World of choice for Sam

TOUGH CHOICE: Griffith's Sam Trimboli is torn between supporting Australia and Italy.
TOUGH CHOICE: Griffith's Sam Trimboli is torn between supporting Australia and Italy.

SAM Trimboli could possibly be the biggest football fan in all of the Riverina.

The Griffith resident -  who worships Italian powerhouse Juventus and said his favourite player was Roberto Baggio -  is torn between our Socceroos and his native Azzurri every four years when the FIFA World Cup comes around.

"The World Cup always brings everyone together. Being a fan, I love linking up with other cultures," he said.

His passion can bring a smile to many a face as soon as you walk through the door of his delicatessen, La Piccola Grosseria.

A shrine to Juventus is one of the main features, and the walls are covered with a vivid collage of past Italian soccer glories. He describes it as his own "Little piece of Italy".

For Sam, the World Cup is always a time of great celebration. He recalls regularly gathering with family and friends during the 2010 World Cup held in South Africa. All kinds of horns and vuvuzelas would blast at anytime of the night as his band of football faithful would stay up to watch all of the Italian and Australian games.

Sam knew he was a die-hard football fanatic from a very early age when the Italians made the 1994 World Cup final to take on football's awoken giant, Brazil, which featured a hugely talented 17-year-old named Ronaldo.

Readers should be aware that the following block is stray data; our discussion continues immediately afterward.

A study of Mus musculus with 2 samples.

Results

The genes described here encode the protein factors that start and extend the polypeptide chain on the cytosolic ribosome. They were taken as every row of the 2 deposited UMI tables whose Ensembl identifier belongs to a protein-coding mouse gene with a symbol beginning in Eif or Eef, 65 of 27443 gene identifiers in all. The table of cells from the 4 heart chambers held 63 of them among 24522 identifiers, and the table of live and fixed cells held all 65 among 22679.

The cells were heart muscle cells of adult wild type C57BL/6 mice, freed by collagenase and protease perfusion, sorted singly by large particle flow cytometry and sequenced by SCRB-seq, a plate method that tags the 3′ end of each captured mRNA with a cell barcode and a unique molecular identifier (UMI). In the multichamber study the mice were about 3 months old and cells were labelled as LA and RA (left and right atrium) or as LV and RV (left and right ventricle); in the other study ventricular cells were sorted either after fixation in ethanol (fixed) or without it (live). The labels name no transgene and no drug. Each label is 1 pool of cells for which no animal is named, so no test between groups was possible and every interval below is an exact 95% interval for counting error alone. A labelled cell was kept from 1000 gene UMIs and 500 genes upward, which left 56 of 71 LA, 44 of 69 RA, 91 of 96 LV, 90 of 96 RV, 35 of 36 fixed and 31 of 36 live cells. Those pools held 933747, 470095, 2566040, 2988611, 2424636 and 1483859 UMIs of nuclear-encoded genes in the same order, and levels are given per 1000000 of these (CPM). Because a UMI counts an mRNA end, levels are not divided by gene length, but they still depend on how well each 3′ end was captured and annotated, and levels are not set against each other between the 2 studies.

Normal time ended in a 0-0 draw. Fate would then have it that Sam's football idol, Baggio would miss a crucial shot in the penalty shoot-out and Brazil would go on to win 3-2.

"I couldn't go to school for two weeks. I was so devastated," he said.

"That is how I first knew I was such a massive football fan because I was so emotional about it."

Sam said Italy is still his number one side, mostly because Australia could never quite reach the heights of the World Cup when he was growing up.

"Football is new in Australia, it's still so raw. It's their number one sport in Italy. In Australia, league and AFL dominate, but soccer is finally making in-roads," he said.

He had a big problem in 2006, though, when his Italians finally did meet the Socceroos. A faulty challenge by Australian Lionheart, Lucas Neill, saw Fabio Grosso perform a routine that would make Matthew Mitcham proud. The 94th minute penalty ended Australia's unreal World Cup ride.

"I was split. During the game I didn't know what to do. I was happy Australia got so far," said Sam.

Sam hopes to take time off work this month to watch as much of the play as possible. Rest assured he will be tuning in to every Italian and Australian game.